More on Grains
On September 12, a reader commented on a conversation we were having about my post Grains vs. Meat. I was waiting to get some time to properly respond, and I’m glad I did because a review on grains and cardiovascular disease was just published.
Sure it’s possible to be healthy and still consume grains. It’s also possible to be healthy and eat doughnuts and drink Pepsi every day, or smoke marijuana every day. That doesn’t mean that doughnuts or marijuana are particularly healthy though. Grains are basically just empty calories, and are basically just less unhealthy versions of cookies. You say that they have beneficial effects on blood sugar, but that’s definitely false. Grains have a huge glycemic load, so their effect on blood sugar is not much better than cookies. And I don’t see why binding to cholesterol in the bloodstream is a good thing, the pregnenolone derived from cholesterol is necessary to create testosterone, so I think dietary cholesterol is very healthy. Considering there’s no connection between dietary cholesterol and cardiovascular disease, decreasing your intake of cholesterol has no benefits. Some people say that grains are a good source of fiber and nutrients, but you’d have to consume a ton of calories from grains to get the same amount of fiber and nutrients that you could get from a small amount of fruits and vegetables. Sure it’s possible to be healthy while consuming grains, but I don’t see why anybody would. They’re just empty calories and are better replaced with protein, fruits, and vegetables.
A literature review on many of these subjects just came out by Harris and Kris-Etherton, Effects of whole grains on coronary heart disease risk (1). In it, Table 1 lists the benefits that have been found from various whole grains:
Wheat – Improves glycemic control and insulin sensitivity, decreases inflammatory markers, decreases blood pressure
Oats – Lowers LDL and total cholesterol, improves glycemic control and insulin sensitivity, decreases blood pressure
Barley – Lowers LDL and total cholesterol, decreases visceral fat
Rye – Improves glycemic response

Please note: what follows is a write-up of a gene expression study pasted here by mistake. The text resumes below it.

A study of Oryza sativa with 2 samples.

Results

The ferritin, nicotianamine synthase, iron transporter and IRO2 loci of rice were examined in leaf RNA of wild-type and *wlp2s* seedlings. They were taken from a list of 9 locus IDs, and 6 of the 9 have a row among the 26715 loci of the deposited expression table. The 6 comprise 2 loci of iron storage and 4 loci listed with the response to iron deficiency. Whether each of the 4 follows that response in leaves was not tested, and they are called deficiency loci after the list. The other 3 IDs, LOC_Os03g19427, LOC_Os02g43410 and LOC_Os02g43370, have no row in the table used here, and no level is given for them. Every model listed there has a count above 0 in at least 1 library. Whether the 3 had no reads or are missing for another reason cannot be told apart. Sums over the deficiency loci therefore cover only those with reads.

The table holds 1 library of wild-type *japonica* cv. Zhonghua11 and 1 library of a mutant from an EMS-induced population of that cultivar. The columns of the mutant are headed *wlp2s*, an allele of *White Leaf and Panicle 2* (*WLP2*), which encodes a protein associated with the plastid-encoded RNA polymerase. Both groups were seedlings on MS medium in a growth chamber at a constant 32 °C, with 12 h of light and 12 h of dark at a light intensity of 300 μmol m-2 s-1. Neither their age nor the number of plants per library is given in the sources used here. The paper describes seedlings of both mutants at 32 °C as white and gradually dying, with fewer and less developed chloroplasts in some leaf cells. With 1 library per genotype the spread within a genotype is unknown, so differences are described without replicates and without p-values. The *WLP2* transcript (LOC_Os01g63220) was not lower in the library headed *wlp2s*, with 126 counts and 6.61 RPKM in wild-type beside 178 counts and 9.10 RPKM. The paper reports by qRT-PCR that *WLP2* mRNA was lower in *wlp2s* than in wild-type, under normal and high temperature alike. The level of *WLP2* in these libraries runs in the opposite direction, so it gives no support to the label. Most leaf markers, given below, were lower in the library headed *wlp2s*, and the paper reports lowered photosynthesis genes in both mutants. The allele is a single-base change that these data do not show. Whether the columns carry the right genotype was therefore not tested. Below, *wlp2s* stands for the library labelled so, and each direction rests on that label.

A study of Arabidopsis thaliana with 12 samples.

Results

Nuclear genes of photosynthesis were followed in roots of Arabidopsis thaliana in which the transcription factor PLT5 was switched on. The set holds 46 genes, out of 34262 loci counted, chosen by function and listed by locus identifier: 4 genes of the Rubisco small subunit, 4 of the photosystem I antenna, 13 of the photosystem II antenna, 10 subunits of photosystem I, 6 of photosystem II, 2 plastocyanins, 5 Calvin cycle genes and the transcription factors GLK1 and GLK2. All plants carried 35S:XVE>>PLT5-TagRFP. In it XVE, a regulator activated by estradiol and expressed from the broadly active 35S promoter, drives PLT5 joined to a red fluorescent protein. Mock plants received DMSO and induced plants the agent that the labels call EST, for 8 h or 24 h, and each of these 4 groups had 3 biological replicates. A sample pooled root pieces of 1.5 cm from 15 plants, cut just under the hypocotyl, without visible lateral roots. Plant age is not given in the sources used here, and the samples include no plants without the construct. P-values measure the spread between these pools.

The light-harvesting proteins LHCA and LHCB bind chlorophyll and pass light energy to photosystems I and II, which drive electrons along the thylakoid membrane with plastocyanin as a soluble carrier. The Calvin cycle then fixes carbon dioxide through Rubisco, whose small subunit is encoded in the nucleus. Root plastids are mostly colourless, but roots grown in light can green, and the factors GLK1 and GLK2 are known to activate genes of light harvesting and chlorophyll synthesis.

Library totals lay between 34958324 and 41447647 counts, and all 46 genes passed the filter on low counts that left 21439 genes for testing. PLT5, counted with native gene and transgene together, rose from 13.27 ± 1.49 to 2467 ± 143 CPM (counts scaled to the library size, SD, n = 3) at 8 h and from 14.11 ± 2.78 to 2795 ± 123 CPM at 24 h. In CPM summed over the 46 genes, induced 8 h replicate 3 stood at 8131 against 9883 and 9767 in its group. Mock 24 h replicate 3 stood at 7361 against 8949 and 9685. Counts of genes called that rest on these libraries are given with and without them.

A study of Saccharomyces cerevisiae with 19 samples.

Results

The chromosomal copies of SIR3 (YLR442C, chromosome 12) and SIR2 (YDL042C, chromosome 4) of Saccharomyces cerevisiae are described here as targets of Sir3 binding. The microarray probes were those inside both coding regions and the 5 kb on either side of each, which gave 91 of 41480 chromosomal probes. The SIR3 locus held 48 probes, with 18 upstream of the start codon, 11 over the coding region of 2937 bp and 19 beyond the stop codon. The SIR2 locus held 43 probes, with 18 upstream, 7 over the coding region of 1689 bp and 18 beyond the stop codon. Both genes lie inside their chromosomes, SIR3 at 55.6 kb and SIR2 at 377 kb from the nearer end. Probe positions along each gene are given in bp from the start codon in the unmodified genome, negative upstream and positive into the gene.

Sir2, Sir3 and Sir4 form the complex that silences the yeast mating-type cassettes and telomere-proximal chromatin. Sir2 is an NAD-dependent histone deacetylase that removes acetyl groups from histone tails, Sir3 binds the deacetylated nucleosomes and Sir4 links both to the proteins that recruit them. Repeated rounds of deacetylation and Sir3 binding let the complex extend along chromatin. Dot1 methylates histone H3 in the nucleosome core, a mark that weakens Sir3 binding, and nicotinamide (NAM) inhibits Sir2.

> Grains are basically just empty calories,
While I agree with you that there are much more nutrient dense foods than grains, whole grains are not just empty calories. They have small amounts of many nutrients, and some have large amounts of some nutrients. The much maligned corn is quite high in folate and potassium. All whole grains have decent amounts of magnesium (though the fiber and phytate will decrease its absorption somewhat). Barley is a decent source of a range of nutrients.
But even a cup of white spaghetti, while not having many vitamins and minerals without enrichment, has 8 grams of protein along with a lot of slowly absorbed glucose which I personally like before and after a workout.
> And I don’t see why binding to cholesterol in the bloodstream is a good thing, the pregnenolone derived from cholesterol is necessary to create testosterone, so I think dietary cholesterol is very healthy.
Judging by my receding hairline, I don’t know if I need any more testosterone. Seriously, what make you think you need, or can even produce, more testosterone by having more dietary cholesterol?
> Considering there’s no connection between dietary cholesterol and cardiovascular disease, decreasing your intake of cholesterol has no benefits.
Here is what Harris and Kris-Etherton say:
Beta-glucan is a type of viscous fiber in barley and oats that increases fecal loss of bile acids, which are derivatives of cholesterol. About 90% of the bile acids entering the small intestine for fat absorption are reabsorbed in the ileum. Beta-glucan reduces the reabsorption of bile acids, thereby increasing bile acid excretion, lowering the bile acid levels in the liver, and increasing the conversion rate of cholesterol to bile acids. The liver obtains the additional cholesterol by upregulating LDL receptors and increasing LDL particle uptake, thus reducing circulating LDL-C. A viscous fiber intake of 10–25 g/d is recommended by the National Cholesterol Education Program’s Adult Treatment Panel III as an additional diet option to decrease LDL-C. An intake of 5–10 g/d lowers LDL-C by about 5%.
> Sure it’s possible to be healthy and still consume grains.
My point was, if you enjoy eating them and they are not harming your health, then why not do it? And according to the research above (and the research I linked to in my original post), whole grains might help prevent diabetes and heart disease.
1. Harris KA, Kris-Etherton PM. Effects of whole grains on coronary heart disease risk. Curr Atheroscler Rep. 2010 Nov;12(6):368-76.